CLEVELAND -- Trevor Bauer spun on the mound, pumped his right fist and then pounded his glove. The crowd at Progressive Field roared along with the Indians pitching prospect, who had just struck out Yasmani Grandal to escape a bases-loaded jam in the sixth inning on Wednesday.
"I'm a competitor, so I was just kind of in the moment," Bauer said. "I got a big out and was kind of pumped up about it."
Finally, after all the hype, after all the discussion of retooled mechanics and detailed video sessions, Bauer showed Cleveland his potential in a spot start in the second game of a traditional doubleheader with the Padres. This day was what Indians fans have waited for since the Tribe pried Bauer from the D-backs two winters ago.
The Indians were on the unfortunate end of a 2-1 loss in the final game of this three-game Interleague set with San Diego, but Cleveland took the series two games to one. In the second half of the twin bill on Wednesday, an instant-replay review in the first inning and a subdued Tribe offense spoiled an otherwise promising evening for Bauer.
Cleveland promoted Bauer from Triple-A Columbus prior to the game to serve as the roster's 26th man, but the young right-hander will surely have fans calling for him to stick around.
"I thought he was really good," Indians manager Terry Francona said. "He threw all his pitches the first time through the order. He worked ahead. The second time through the order, he fell behind a few times, but he pitched himself back in the count. With his stuff and the way he's trying to attack the zone, his progress is going to come quick."
A year ago, Bauer labored from Spring Training through the end of the Minor League season, providing the Indians with four enigmatic spot starts along the way. Both Bauer and the Indians made it clear that the pitcher was undergoing drastic changes to his delivery with the hope of avoiding the kind of lower-half injuries that hindered him with Arizona in 2012.
Bauer's violent motion looked more controlled this past spring, when he also flashed a considerable improvement with his pitch velocity. That continued on Wednesday against the Padres, who had to deal with a fastball from Bauer that sat around 95-96 mph for much of the game. The righty established a career high with eight strikeouts and turned in six impressive innings.
Bauer scattered four hits, allowed two runs (one earned) and issued two walks in the 99-pitch effort. Combined with his Opening Day start for Columbus on Friday, Bauer has piled up 17 strikeouts against four walks with just two earned runs allowed in 12 innings this season.
This marked Bauer's ninth start in the Majors, but he said Wednesday was the most comfortable he has felt in that environment.
"By far," Bauer said.
Things did not go Bauer's way out of the gates though.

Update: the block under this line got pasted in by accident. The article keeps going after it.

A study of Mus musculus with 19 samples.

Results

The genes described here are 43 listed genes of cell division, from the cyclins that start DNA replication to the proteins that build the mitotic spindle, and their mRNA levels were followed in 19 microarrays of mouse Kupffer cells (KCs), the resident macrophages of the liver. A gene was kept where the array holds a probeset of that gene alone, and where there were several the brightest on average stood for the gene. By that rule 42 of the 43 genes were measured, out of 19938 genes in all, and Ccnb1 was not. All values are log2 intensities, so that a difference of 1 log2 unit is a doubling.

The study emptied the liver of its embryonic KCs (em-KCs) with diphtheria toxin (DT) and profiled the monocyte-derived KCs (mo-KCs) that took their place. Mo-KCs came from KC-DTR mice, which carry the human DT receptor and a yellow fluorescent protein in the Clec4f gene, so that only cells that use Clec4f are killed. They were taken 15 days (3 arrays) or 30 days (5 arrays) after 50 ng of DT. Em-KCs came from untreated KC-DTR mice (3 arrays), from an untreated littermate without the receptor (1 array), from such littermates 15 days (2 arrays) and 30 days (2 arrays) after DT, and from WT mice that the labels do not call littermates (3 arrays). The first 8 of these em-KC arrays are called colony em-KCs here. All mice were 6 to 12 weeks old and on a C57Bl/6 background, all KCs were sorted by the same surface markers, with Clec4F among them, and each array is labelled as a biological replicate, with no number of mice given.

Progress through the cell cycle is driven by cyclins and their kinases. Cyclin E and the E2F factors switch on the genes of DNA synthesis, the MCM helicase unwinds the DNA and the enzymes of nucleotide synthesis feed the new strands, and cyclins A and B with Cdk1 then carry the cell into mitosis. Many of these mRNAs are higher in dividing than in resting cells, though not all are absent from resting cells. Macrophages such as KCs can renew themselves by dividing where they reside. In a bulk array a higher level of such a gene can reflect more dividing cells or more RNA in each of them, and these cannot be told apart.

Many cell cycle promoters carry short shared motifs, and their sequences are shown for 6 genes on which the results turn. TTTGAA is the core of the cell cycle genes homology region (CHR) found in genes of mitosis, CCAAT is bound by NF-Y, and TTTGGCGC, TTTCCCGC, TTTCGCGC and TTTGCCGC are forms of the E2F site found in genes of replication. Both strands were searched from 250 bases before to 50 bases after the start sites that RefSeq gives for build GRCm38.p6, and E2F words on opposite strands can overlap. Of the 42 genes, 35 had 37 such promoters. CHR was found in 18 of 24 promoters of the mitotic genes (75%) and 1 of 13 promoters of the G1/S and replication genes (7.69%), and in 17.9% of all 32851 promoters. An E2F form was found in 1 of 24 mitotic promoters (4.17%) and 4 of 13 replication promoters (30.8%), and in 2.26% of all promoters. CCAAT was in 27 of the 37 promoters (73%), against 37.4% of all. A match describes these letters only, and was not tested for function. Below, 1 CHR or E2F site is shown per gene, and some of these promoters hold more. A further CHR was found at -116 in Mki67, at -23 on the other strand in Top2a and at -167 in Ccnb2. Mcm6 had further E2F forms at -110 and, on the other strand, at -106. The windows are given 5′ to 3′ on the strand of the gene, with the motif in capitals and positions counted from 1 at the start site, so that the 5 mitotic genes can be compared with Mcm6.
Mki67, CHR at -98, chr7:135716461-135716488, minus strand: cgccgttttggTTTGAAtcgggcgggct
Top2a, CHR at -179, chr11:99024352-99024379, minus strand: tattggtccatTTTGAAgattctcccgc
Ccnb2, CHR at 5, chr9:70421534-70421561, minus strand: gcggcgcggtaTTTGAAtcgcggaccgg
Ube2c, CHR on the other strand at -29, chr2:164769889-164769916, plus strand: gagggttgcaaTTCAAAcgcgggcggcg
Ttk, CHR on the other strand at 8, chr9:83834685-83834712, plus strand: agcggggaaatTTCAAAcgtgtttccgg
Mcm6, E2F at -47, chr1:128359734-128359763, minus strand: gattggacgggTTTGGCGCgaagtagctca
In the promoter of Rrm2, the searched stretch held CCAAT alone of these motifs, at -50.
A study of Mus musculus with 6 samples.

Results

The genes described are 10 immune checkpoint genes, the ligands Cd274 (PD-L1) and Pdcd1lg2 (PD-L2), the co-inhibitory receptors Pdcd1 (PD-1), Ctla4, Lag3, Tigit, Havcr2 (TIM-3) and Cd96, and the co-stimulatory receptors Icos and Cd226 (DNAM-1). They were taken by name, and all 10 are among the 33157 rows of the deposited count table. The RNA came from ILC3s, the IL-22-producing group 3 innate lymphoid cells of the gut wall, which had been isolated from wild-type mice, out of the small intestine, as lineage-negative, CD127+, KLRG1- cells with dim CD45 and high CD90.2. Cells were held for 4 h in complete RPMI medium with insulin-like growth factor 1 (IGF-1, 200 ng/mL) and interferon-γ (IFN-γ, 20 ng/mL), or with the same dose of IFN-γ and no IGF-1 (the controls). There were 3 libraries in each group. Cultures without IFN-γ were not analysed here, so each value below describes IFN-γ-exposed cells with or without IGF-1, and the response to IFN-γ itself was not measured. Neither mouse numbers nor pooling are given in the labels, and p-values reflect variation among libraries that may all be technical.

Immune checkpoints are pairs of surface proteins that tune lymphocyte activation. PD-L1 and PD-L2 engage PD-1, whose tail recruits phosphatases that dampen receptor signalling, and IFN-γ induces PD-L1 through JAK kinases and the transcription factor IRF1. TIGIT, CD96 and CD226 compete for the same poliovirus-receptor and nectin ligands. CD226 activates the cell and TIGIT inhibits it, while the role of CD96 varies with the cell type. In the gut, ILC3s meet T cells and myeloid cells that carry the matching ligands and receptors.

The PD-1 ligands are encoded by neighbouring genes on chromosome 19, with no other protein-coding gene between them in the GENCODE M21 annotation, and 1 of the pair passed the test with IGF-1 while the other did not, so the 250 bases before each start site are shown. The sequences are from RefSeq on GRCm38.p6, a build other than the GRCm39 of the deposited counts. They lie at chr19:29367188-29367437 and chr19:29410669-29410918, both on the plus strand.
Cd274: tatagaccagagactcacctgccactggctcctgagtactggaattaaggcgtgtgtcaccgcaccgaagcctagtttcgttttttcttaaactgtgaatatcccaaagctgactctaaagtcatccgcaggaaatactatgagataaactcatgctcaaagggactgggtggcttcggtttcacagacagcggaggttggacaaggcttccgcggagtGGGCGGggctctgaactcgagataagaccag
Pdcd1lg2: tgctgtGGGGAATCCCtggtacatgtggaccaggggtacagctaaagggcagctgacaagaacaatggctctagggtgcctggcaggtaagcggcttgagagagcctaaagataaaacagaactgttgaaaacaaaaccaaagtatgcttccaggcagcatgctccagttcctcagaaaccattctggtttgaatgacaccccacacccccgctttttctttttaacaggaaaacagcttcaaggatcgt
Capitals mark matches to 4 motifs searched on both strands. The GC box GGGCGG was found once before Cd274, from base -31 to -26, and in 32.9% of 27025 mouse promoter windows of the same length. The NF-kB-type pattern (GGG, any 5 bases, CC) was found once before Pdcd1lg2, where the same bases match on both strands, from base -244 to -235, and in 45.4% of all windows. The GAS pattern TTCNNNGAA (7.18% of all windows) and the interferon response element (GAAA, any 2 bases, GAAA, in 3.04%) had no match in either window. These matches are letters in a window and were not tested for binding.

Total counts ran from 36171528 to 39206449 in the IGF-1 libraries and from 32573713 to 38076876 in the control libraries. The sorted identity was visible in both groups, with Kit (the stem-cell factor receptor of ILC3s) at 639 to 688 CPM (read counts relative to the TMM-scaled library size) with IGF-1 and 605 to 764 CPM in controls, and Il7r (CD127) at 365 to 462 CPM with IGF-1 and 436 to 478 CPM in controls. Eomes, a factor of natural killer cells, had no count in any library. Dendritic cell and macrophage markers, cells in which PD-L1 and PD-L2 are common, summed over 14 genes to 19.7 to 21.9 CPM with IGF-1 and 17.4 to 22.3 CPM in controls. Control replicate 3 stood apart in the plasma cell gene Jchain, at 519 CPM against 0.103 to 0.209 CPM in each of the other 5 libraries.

In the first inning, Everth Cabrera reached base when Indians shortstop Asdrubal Cabrera made a throwing error on a leadoff grounder. The next batter, Chris Denorfia, drilled a pitch from Bauer deep to right field, where outfielder Elliot Johnson ran down the ball. Johnson appeared to make the catch, but after bracing himself against the right-field wall, he dropped the ball on the transfer.
First-base umpire and crew chief Bob Davidson ruled it a missed catch, and Denorfia was awarded a double by the official scorer. Francona challenged the ruling, but the call stood after an instant-replay review. Major League Baseball recently clarified the guidelines for what constitutes a catch, and the ruling on Johnson's attempt was technically correct.
"It was a catch. It was an out," he said. "I'm not really sure what they're going off of, but I think there needs to be clarification on what defines the act of dropping it, because it can get ridiculous. It can get out of hand."
Seth Smith then used a groundout to plate Cabrera, putting San Diego ahead, 1-0.
From there, Bauer settled down, allowing only one hit in a span of 16 batters between the first and fifth innings. Cleveland struggled to solve San Diego starter Robbie Erlin, whose lone blemish in his six innings was a run-scoring sacrifice fly by Mike Aviles in the third inning that pulled the game into a 1-1 deadlock.
"Their guy, he didn't light up the radar gun, but he had some finish on that fastball," Francona said. "It got by us. He missed a lot of bats."
The Padres finally snapped out of their scoreless spell in the sixth , when Cabrera led off with a single to center field. Bauer then hit Smith with a pitch with one out and issued a walk to Yonder Alonso to load the bases. Chase Headley followed by sending a pitch from Bauer into left field for an RBI single that put Cleveland down, 2-1.
Bauer avoided having the inning unravel further by inducing a fly ball off the bat of Jedd Gyorko into foul territory, where catcher Carlos Santana made the out. Bauer collected himself again and fired a 96-mph fastball by the swinging bat of Grandal, bringing an emphatic end to the inning.
"There are a lot of encouraging things," Francona said of Bauer's outing.
Bauer took the loss, but Cleveland might have received a glimpse of the rotation's future.
"He was lights out, man," Johnson said. "He was a power pitcher today throwing gas right by guys. He was throwing his off-speed stuff for strikes. He was really, really impressive. He was a big leaguer today -- no doubt about it."